This fall, This Old House returns to the city for the expansion and renovation of newlyweds Dan and Heather Beliveau’s home on Bunker Hill Street in the historic Boston neighborhood of Charlestown.
Built in 1865, the Beliveaus’ townhouse is a three-story brick building in the Second Empire style, with carved brownstone lintels, a second-floor bay window overlooking the street, and a mansarded third floor. A victim of only the most benign form of neglect, the house’s interior contains most of its original detail, including marble mantels, plaster ceiling medallions, a handsome main staircase, and a set of mahogany pocket doors that still work perfectly. Nonetheless, time has taken its toll, and the building’s antiquated systems, tired windows, and kitchens and baths from the 1950s will need replacement.
Heather is an executive recruiter who works in Boston’s Beacon Hill neighborhood, and she’s looking forward to a short commute across the bridge to town. Dan, a design consultant who has renovated several condominiums in historic Boston buildings, brings a designer’s eye and a developer’s economic savvy to his own house. He has not, however, taken on a project of this size and is looking forward to learning alongside the TOH crew. Our homeowners will both have to exercise great discipline—and contribute a fair amount of sweat equity—to accomplish all they hope for their stated budget of $300,000.
Joining the team is noted Charlestown architect Jack French, who has worked on many of the area’s historic structures. His experience in town and in similar buildings will come in handy as the interior plan gets reworked and changes to the building’s exterior come together.
To make the economics of their new purchase work, Dan and Heather need to retain, and expand, the existing first-floor rental apartment. They plan to convert the currently unfinished basement into living space, combining the two floors into a two-bedroom unit that should fetch as much as $2,500 a month. The top two floors they will make into their new home. One big project will be to add a third story onto the building’s rear ell, providing space for a much-needed bathroom on a bedroom floor that now has none.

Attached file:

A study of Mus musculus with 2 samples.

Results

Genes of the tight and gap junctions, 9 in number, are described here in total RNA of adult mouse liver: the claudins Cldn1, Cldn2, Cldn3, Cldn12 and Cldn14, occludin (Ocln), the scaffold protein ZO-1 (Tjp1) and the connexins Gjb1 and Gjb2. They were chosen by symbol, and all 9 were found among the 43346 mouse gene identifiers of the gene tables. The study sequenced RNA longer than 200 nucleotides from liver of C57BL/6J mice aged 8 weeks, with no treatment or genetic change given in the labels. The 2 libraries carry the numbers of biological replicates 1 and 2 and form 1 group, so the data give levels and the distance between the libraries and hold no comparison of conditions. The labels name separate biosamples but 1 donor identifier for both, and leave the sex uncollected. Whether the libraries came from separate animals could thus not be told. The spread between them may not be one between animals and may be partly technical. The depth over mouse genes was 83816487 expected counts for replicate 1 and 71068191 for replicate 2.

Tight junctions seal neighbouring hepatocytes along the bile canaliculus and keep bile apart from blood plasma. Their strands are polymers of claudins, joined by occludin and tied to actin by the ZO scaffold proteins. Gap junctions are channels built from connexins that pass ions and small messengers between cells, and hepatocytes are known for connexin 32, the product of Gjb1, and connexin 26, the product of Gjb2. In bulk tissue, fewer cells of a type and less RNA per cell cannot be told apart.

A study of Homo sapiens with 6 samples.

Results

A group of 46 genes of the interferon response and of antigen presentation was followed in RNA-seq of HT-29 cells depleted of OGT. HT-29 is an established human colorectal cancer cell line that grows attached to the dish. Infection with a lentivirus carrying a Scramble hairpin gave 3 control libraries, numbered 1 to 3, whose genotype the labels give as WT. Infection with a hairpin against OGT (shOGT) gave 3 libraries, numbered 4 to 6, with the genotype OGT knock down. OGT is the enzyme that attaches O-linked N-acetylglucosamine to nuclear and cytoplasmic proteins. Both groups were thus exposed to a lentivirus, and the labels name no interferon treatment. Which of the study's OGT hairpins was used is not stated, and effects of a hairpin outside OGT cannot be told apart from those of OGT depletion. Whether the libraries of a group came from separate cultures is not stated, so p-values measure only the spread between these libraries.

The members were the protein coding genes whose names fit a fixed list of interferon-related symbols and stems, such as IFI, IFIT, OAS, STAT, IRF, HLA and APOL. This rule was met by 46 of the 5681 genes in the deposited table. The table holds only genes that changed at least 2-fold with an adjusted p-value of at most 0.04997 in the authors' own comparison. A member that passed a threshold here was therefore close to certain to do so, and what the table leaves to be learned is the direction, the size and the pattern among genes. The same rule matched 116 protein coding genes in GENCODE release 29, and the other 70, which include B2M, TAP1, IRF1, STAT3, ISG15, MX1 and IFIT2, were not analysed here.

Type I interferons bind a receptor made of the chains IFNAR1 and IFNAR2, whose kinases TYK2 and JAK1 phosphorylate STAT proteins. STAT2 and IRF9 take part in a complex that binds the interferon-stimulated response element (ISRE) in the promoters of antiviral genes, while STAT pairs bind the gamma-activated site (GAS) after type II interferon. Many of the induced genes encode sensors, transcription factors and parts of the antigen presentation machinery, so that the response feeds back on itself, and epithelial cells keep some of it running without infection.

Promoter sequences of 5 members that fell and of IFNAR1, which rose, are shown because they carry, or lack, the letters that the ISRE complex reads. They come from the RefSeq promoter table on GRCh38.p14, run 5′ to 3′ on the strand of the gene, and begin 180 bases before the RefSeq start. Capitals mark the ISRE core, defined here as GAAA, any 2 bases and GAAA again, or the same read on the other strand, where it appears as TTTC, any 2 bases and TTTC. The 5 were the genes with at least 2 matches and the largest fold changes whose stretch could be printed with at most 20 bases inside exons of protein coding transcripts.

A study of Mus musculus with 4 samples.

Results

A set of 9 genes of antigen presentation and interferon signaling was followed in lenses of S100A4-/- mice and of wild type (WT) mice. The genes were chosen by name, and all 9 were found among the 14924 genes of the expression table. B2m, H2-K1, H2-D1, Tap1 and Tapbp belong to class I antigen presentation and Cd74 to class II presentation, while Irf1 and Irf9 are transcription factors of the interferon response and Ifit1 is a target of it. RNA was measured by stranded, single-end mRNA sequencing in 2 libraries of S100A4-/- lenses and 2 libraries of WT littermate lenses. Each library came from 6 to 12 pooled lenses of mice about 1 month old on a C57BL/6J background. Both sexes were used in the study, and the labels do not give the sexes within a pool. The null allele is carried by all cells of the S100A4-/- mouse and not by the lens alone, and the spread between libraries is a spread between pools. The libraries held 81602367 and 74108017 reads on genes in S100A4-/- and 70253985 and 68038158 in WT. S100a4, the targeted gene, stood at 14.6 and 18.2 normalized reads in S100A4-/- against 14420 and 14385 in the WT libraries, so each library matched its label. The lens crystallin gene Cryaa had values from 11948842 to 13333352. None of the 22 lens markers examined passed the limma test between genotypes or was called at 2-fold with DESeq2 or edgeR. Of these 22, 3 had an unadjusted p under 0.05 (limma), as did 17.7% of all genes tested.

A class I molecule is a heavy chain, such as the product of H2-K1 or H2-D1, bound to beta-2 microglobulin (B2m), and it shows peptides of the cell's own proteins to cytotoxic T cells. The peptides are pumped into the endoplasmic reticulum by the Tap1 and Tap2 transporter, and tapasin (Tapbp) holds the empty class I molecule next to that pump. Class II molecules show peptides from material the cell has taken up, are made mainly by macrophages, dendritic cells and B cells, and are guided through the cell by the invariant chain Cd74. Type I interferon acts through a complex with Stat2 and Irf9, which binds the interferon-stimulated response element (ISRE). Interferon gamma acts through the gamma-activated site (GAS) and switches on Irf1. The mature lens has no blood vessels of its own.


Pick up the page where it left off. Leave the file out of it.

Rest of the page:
Our choice of an urban project is a deliberate one, for it comes at a time when cities across America are enjoying an unprecedented renaissance. In moving into the city, the Beliveaus are part of a new wave in Boston and around the country, and by following their story we hope to tell a larger one. Urban home ownership is at a record high of 51 percent, and we hope to celebrate what the New York Times recently quoted Providence mayor Vincent Cianci Jr. as saying at the United States Conference of Mayors: “The exodus of years ago has changed. It’s hip living in the cities. People want to be back.” Charlestown, like many American cities, was in decline not too long ago. Buildings were boarded up, property values were depressed, and crime was a serious problem. Now the streets are alive with people, restaurants have opened to standing-room-only crowds, and everywhere you look buildings are being renovated and restored. This fall, nine million viewers will be able to watch as another is reborn.